Project Eclipse

Project Eclipse



Project Eclipse: a low-cost, accurate air quality sensing platform for cities

Poor air quality is something most urban residents experience regularly, but because it’s largely invisible and we lack sensors to help inform us it has become something of a “silent killer”. Linked to a number of serious health ailments, including heart and lung disease, as well as issues like asthma aggravation, the World Health Organization estimates that 91% of the world’s population live in places where air quality exceeds guideline limits. With Project Eclipse, the Urban Innovation Initiative presents a full stack -from sensors to analytics- air quality sensing platform for cities. The goal is a radical increase (10x – 100x) in the geographic granularity of environmental sensing in cities in support of a variety of public health scenarios.


Custom Hardware

Project Eclipse devices are custom designed, from the electrical engineering to the enclosure, and calibrated in our hardware lab at Microsoft Research in Redmond, WA. The sensors measure CO, NO2, SO2, and O3, as well as PM 1, PM 2.5, and PM 10, along with temperature and humidity. Data is transmitted via LTE-M direct to an Azure data stack. When taking hourly readings, each device should last about nine months on a single battery.


A diagram of a Project Eclipse device.


Full Azure Data Stack

Project Eclipse utilizes Azure to ingest, process, store, analyze, and visualize air quality data. Final raw data are available in JSON format via simple REST API, and the Urban Innovation team has developed custom R analytics, Power BI, and web visualizations to help customers monitor and get insight from the data.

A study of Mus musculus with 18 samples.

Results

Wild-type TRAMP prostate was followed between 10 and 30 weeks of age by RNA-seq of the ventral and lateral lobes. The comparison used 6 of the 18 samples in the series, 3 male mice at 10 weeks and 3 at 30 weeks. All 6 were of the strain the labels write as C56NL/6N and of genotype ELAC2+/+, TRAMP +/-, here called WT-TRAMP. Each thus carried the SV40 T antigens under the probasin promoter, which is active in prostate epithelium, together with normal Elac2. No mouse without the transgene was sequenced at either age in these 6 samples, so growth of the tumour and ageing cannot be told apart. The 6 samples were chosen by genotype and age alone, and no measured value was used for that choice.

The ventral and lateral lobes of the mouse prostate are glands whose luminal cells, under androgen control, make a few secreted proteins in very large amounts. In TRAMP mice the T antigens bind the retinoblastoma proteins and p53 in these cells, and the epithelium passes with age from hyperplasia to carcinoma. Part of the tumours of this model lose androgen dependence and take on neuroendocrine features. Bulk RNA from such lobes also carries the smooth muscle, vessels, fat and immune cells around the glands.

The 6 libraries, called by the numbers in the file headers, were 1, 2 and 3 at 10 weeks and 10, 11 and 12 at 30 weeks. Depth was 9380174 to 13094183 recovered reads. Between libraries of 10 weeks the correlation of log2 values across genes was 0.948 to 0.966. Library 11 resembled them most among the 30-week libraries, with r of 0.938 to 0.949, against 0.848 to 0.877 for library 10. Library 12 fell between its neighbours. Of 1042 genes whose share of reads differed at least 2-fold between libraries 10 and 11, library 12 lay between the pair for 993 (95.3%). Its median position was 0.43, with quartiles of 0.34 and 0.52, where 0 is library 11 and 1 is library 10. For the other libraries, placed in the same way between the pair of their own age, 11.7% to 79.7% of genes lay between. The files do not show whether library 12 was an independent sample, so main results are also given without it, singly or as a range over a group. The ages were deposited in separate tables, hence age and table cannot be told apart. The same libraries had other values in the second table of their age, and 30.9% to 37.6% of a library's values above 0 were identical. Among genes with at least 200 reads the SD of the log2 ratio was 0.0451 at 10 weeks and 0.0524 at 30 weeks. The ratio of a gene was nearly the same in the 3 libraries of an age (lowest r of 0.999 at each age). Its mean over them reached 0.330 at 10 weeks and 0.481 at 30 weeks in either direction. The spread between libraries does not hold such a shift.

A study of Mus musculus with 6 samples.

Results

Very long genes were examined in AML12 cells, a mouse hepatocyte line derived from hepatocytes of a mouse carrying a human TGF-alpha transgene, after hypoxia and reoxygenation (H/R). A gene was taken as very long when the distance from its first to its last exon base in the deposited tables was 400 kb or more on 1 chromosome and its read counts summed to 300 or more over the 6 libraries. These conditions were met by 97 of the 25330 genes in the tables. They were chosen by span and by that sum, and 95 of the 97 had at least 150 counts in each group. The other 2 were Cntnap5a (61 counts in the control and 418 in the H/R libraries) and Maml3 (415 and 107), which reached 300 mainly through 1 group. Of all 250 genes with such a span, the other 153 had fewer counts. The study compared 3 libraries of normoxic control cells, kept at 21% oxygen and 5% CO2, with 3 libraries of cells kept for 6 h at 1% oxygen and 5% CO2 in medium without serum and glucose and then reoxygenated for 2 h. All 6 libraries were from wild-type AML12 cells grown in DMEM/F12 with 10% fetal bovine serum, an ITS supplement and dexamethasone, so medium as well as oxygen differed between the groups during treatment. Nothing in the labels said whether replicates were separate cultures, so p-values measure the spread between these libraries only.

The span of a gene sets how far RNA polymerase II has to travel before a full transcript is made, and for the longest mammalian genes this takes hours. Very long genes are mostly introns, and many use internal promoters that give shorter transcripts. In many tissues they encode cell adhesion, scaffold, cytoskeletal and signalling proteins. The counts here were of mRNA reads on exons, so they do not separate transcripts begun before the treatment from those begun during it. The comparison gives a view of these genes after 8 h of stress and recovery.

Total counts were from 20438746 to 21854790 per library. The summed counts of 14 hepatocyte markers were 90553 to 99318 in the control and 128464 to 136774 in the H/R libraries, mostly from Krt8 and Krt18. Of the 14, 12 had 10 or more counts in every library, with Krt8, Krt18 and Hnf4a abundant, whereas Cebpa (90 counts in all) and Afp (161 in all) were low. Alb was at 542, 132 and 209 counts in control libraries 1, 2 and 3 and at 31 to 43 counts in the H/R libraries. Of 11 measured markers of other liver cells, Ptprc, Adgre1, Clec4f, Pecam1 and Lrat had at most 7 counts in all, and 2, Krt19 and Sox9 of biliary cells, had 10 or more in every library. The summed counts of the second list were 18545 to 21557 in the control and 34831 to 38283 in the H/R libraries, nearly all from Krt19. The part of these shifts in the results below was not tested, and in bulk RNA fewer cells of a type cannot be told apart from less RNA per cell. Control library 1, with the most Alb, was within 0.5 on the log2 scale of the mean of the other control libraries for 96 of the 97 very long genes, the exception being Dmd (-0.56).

An architectural diagram of the project.



Next Generation Sensors

The Urban Innovation team continues to work toward its goal of low cost, low-to-no power environmental sensors. Additional techniques under development include:

  1. Computer vision analytics for camera-based sensors
  2. Analogue colorimetric ink-based chemical sensors
  3. Hybrid electro-molecular sensors



Project Eclipse is rolling out in partner cities. In Boston, for instance, Project Eclipse is partnering with the Beta Blocks program that is exploring the public value of technology in communities. In Miami, researchers on the Urban Innovation Initiative are working with local government and civic tech community members to identify pilot projects around low income housing and hyperlocal weather and pollution monitoring.

Image showing a Project Eclipse device in operation in Miami.



beta blocks logo         City of Miami Logo



Microsoft Research is looking to expand its partnership program to deploy the Project Eclipse sensing platform in cities. Contact to learn more about how to participate.




Project Eclipse



Green Citizens

Welcome to our FAQ Green Citizens!


What is it? This little leaf is an air quality monitor designed to measure the quality of Air or AQI (Air Quality Index)

What is it detecting? We can detect 4 gases: CO, NO2, SO2, and Ozone, in addition to particulate matter PM 1.0, 2.5, 10. We also measure temperature and humidity.

How often does it sample? It depends but anywhere between every 20 min to an hour.

Is it watching me? No, we have no cameras or mics installed.

How is it sending the data? We use an LTE cellular chip to send data to our Azure account that we share with the city.

What will you do with the data? We will work with the city to analyze and understand patterns of pollution over time. This data will be made public.